Real-life stories of animals and their amazing bond with humans

Grateful pigeon


Hugh Perkins lived a quiet life in West Virginia, and often used to play happily on his own out in the backyard. One day in the 1950 a pigeon flew into the yard. Hugh, then aged 12, was intrigued by the grey bird; it had an aluminium band on one of its legs – with the number 167 on it – and was clearly a homing or racing pigeon. But despite this the pigeon seemed in no hurry to return to wherever it had come from. Hugh began feeding his new friend and over time the pigeon became more at ease. The youngster spoke to the bird and it seemed to respond to the kindly tone of his voice. There was no way of telling whether the bird had been lost, hungry, or tired. But it quickly became more comfortable in Hugh’s presence and within a few days the pigeon had become Hugh’s pet and the two became good friends.

Their friendship continued throughout the following year, with Hugh regularly feeding and talking to his new pet. One day, however, the youngster fell seriously ill.

His parents, worried for Hugh’s health, drove him 100 miles across the mountains, to a large hospital where he could be taken care of. At the medical centre the doctors quickly operated on Hugh and fortunately he was soon out of danger. However, he was still very weak from his ordeal and was told he had to spend time recuperating in a hospital bed.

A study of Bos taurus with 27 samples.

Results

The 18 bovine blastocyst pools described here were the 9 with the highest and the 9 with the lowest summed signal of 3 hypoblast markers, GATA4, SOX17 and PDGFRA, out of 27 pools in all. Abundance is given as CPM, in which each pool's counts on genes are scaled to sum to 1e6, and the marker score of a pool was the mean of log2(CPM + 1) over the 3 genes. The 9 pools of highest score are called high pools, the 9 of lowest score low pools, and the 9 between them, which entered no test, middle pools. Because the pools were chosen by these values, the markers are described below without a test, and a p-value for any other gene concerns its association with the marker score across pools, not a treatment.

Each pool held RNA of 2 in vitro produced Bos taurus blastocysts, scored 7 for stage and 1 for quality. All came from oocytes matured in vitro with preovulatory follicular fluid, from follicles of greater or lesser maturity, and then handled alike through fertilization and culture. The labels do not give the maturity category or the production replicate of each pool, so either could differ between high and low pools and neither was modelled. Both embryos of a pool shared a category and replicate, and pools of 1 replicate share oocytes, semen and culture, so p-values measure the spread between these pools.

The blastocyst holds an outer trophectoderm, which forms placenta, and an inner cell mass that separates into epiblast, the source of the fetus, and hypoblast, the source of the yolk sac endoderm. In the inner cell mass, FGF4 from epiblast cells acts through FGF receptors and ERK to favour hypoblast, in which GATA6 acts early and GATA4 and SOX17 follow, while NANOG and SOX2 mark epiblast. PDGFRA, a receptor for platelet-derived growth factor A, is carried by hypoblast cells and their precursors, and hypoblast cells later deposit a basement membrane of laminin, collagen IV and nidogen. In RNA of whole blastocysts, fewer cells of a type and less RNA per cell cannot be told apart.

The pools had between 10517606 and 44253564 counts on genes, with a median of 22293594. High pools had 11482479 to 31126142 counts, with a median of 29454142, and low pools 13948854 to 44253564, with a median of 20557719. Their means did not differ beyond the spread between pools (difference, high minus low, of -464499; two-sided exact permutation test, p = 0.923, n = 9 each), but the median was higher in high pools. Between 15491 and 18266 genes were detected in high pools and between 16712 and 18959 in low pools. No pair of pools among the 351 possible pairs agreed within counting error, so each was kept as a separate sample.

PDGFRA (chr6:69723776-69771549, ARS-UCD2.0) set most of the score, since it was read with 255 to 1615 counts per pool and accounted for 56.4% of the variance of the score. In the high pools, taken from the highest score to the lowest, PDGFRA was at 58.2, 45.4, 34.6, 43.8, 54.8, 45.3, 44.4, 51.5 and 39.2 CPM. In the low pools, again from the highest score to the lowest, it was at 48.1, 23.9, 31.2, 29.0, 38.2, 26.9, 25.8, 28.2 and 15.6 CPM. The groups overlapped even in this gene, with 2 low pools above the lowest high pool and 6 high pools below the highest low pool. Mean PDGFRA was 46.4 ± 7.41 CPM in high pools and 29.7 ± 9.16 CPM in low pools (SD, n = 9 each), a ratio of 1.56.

The night after the operation there was a snowstorm and, as he lay awake, Hugh heard a gentle tapping on the window. At first he assumed it was just the storm blowing branches against the pane. But the tapping continued and in any case the tapping was more regular than might be caused by a swaying tree.

Hugh looked carefully, and saw a pigeon huddled up against the cold and snow, tapping his beak on the glass. Too weak to get up, Hugh called to a nurse to open the window. Sure enough, as soon as she did, the half-frozen bird hopped inside. Hugh knew right away who this bird was, and the aluminium band on the bird’s leg confirmed it; the number was 167. Hugh’s pet homing pigeon had come to visit. The boy had once shown this bird great kindness, feeding it and offering it friendship. Now the same bird had flown a hundred miles through heavy snow to return the favour to its friend in his hour of need.